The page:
Following a damning US State Department’s 2021 Human Rights Report on Trinidad and Tobago, which was released on April 12, Foreign and Caricom Affairs Minister Amery Browne has assured that government will be taking action to address all areas of concern.
The report was finalised after the US government engaged in significant collaboration with many stakeholders in TT, including the Government.
Browne said, “We welcome and stand to benefit from this type of collaborative approach.”
The report outlined many areas in which TT’s human rights framework is strong. But, as Browne said, the report also identified areas that require our attention and action.
“The areas of identified strength include, but are not limited to, the independence of the judiciary, freedom of the press, a functioning democratic political system, freedom of religion and association, and the co-operation and responsiveness of the government to local and external human rights groups.”
Browne added of particular concern were specific references in the report to “multiple alleged incidents of extra-judicial police actions under the named former leadership of SORT (Special Operations Response Team), and specific references to allegations of bribery and other forms of corruption in the issuance of firearm licences under the tenure of the former leadership of the TTPS (TT Police Service).”
“Government is fully committed to continuing its work with national stakeholders and key external agencies, including the United States government.”
“We will take effective action on the areas of the report that call for further attention.” He thanked the National Security Ministry and the Office of the Attorney General and Legal Affairs for working with his ministry to provide timely responses to the relevant queries that were posed by the US government.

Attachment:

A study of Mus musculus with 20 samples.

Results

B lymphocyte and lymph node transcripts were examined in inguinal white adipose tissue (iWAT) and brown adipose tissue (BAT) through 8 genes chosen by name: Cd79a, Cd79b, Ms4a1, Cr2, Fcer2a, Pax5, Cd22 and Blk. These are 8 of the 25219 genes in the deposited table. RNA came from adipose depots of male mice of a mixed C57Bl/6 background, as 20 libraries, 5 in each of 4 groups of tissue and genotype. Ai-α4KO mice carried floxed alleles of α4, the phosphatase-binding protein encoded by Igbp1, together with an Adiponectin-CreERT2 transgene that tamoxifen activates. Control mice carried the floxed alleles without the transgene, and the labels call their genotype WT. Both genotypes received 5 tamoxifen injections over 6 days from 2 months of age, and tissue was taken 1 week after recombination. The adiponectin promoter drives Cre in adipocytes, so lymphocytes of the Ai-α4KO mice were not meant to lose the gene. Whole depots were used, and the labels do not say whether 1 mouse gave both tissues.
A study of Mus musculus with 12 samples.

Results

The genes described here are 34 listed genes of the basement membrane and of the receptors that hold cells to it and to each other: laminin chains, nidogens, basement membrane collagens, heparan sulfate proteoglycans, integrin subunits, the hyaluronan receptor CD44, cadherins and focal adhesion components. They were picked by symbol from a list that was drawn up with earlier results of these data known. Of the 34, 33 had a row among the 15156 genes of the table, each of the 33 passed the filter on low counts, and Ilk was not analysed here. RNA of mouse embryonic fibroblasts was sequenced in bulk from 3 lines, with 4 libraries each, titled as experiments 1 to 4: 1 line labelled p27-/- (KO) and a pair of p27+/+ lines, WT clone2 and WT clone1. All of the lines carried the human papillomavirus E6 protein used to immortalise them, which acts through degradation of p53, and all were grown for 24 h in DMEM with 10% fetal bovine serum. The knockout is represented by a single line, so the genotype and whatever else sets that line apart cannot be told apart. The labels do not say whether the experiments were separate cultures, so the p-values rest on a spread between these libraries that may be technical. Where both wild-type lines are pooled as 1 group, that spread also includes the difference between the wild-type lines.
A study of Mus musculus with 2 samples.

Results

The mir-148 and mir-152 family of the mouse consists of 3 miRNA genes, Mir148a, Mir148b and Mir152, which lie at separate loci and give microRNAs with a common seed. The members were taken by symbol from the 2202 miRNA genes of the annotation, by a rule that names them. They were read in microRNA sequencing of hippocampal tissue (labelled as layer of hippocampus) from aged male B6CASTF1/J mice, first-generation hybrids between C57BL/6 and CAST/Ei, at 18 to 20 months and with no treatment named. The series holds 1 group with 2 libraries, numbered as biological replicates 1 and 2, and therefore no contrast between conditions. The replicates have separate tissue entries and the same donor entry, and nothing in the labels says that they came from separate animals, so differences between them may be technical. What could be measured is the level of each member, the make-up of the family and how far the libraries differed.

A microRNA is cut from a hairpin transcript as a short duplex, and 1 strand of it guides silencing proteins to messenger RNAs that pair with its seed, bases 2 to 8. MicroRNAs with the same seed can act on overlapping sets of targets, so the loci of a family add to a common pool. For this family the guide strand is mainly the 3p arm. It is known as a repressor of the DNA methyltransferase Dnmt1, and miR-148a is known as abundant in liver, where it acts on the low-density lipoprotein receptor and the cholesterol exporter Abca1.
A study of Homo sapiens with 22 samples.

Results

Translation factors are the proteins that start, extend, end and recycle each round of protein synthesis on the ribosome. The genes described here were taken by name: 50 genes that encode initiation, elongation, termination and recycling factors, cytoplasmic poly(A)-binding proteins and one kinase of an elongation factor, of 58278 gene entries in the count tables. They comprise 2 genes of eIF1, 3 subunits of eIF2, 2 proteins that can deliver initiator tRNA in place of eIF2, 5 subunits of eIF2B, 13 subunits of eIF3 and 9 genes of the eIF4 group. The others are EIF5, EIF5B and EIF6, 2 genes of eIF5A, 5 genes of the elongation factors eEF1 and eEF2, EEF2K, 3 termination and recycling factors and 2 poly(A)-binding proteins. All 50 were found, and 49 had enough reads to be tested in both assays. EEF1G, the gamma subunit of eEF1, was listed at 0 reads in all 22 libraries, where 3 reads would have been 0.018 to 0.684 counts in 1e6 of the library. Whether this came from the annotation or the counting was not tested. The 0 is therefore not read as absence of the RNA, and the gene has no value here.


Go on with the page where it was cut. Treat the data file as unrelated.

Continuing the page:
Opposition Senator Jayanti Lutchmedial said the contents of the report, support the views previously expressed by the UNC on human rights matters in TT.
She said “The reputation of our country will continue to suffer under the leadership of Rowley and the PNM. This is their legacy.”
In its report, the State Department said, “The government took steps to identify, investigate, prosecute, and punish officials who committed human rights abuses or corruption, but impunity persisted because of open-ended investigations and the generally slow pace of criminal judicial proceedings.”
“There were credible reports that police committed arbitrary or unlawful killings.” The report referred to the deaths of two suspects in the Andrea Bharatt murder, while they were in SORT’s custody last year.
The report said Government generally respected the right to freedom of expression. But Government sometimes used “the antiquated Sedition Act to limit freedom of expression, according to some non-governmental organisations (NGOs).”
The report said elections in TT are free and fair, referring to the August 10, 2020, general election in which the PNM defeated the UNC 22-19.
“No laws limit participation of women or members of minority groups in the political process, and they did participate.
The primary political parties, the report continued tended to break along racial lines between the Afro-Trinbagonian-dominated PNM and the Indo-Trinbagonian-dominated UNC.
The report said, “Both dominant political parties used and defended racially charged language in recent elections.”